In the two years since HBO’s The Vow aired its first season, the show has been appraised and re-appraised regarding its approach to the infamous NXIVM cult and its leader, Keith Raniere. The initial episodes were built around former members Mark Vicente and Sarah Edmondson, the latter of whom went public in a 2017 New York Times exposé that blew the lid off of the NXIVM story and its most shocking detail: that an inner circle of women took part in a sex slavery arrangement and were branded with Raneire's initials. To support those revelations, Vicente supplied hours and hours of video and audio of Raniere, recorded at the leader's behest. That footage was undeniably captivating, but it also raised questions about how much Vicente and Edmondson's participation pushed the series toward protecting their reputations. After all, despite being framed as principled whistleblowers, they also spent years as willing and active NXIVM participants.
Those questions will have to be tabled, because even though Vicente and Edmondson were interviewed for The Vow Part Two, they are no longer the main attractions. This time, directors Jehane Noujaim and Karim Amer focus on someone who was conspicuously absent the first time around: NXIVM co-founder Nancy Salzman.
Of course, the filmmakers might have preferred to chat with Keith Raniere himself, but since he’s on trial in a Brooklyn courtroom that doesn't allow video or audio recording, they have to rely on workarounds to get that story out, like interviewing prosecutor Moira Penza and constantly cutting to shots of the Brooklyn court building. That leaves Salzman, who was essentially second-in-command to Raniere at NXIVM, as the season’s vital primary source. She’s the one who can tell us things we haven’t heard before.
And does she ever. Salzman ends up being the most fascinating subject the show has encountered in two seasons; a woman who turned her back on Raniere after the federal charges came down — and who at the time of filming was being prosecuted herself — but still desperately wants to hold on to some sense of righteousness regarding the life's work she put into NXIVM. Over the course of six episodes, Salzman's story becomes a compelling character study of culpability, complicity, and how much a person is ultimately willing to concede about her participation in a fraud that harmed many people, including her own children.
The season kicks off with archived video of NXIVM's curriculum materials for their Executive Success Programs, and we see Salzman reassuring whatever recruit might be watching that it's only haters who throw around terminology like "cult." The footage is consistent with videos of Nancy that appeared in the first season, and its presence at the top of Season 2 is crucial, because it reminds the audience of everything we already know about her: how she used psychobabble about self-improvement to lure people into NXIVM's programs; how she supported the group's hierarchies (the sashes! remember the sashes?); how she propped up Raniere as a messianic "Vanguard." Everything about this lady is suspect, and it's crucial we remember that as we meet her in 2020: under house arrest, disarmed and isolated, somewhat repentant. Unlike Mark Vicente and Sarah Edmondson, we can't just take Nancy's words on good faith. We've seen an entire season's worth of her as a NXIVM leader. This isn’t good for image rehab, but it makes for engrossing TV.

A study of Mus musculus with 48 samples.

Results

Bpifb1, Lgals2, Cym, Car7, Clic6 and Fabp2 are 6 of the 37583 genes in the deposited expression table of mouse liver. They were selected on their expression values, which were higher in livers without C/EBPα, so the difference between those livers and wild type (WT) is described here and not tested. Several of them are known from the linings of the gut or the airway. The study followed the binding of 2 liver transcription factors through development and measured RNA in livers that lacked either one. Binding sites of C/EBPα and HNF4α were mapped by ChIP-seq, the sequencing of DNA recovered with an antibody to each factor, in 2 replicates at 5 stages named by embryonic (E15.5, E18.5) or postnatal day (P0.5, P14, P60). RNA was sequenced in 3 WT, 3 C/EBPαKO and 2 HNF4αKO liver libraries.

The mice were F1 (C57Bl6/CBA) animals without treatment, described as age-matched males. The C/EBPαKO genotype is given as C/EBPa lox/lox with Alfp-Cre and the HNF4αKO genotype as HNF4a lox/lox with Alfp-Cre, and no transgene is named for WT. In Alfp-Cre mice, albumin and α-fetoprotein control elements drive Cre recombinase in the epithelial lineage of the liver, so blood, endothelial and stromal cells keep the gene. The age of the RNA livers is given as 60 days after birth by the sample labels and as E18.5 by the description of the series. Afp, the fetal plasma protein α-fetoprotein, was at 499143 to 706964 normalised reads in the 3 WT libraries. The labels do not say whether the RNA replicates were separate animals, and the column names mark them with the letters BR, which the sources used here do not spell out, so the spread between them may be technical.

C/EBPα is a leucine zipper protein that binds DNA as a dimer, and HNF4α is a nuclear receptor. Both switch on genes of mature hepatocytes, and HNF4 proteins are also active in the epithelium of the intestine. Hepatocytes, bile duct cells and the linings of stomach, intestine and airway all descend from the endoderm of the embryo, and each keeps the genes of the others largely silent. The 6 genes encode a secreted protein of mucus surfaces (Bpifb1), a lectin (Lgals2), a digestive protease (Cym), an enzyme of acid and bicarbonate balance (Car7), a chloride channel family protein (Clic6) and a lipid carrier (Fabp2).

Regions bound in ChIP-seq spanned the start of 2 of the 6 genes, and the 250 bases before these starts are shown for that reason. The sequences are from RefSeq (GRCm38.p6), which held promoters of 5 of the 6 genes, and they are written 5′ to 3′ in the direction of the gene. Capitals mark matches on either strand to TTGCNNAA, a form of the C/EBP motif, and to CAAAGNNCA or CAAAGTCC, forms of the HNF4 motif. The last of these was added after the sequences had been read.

By the time these episodes started filming, Nancy had already pled guilty to charges of conspiracy and racketeering (hence the house arrest), and she'd turned on Raniere. Throughout this season, she attempts — if for no one's benefit but her own — to further separate herself from the terrible things Keith did, in particular his sexual misconduct. "The sex cult was Keith's thing," Nancy says, like she's talking about a friend being into Phish or LARPing. "My company didn't need to be destroyed." This determination to defend NXIVM's self-help work is self-evidently dubious, and no matter how many stories Nancy tells about being aghast at Keith's behavior, the audience is well equipped to interrogate why she stayed. Why did it take a federal indictment to break her loyalty? How seriously can we take her concessions about her own mistakes?
In contrast to this complex portrait, the show’s attempts to document Keith Raniere's villainy are once again marred by an overdetermined structure. For instance, crucial charges against him are saved for later episodes, which feels like pandering to an audience that’s hungry for shocking twists.
Still, for all that's frustrating about The Vow, the cumulative effect of watching both seasons is remarkably gratifying. It’s true that a documentary shouldn't make you work so hard to locate the moral and ethical ground upon which it stands, and there's undeniably something icky about bringing Keith Raniere's story into popular culture to be pored over and gossiped about. But there's immense satisfaction in wrestling with a story like Nancy's, which doesn't provide easy answers. The Vow and its viewers end up better for wading into her moral contradictions.
The Vow Part Two premieres October 17 at 9:00 PM ET on HBO and HBO Max.
Joe Reid is the senior writer at Primetimer and co-host of the This Had Oscar Buzz podcast. His work has appeared in Decider, NPR, HuffPost, The Atlantic, Slate, Polygon, Vanity Fair, Vulture, The A.V. Club and more.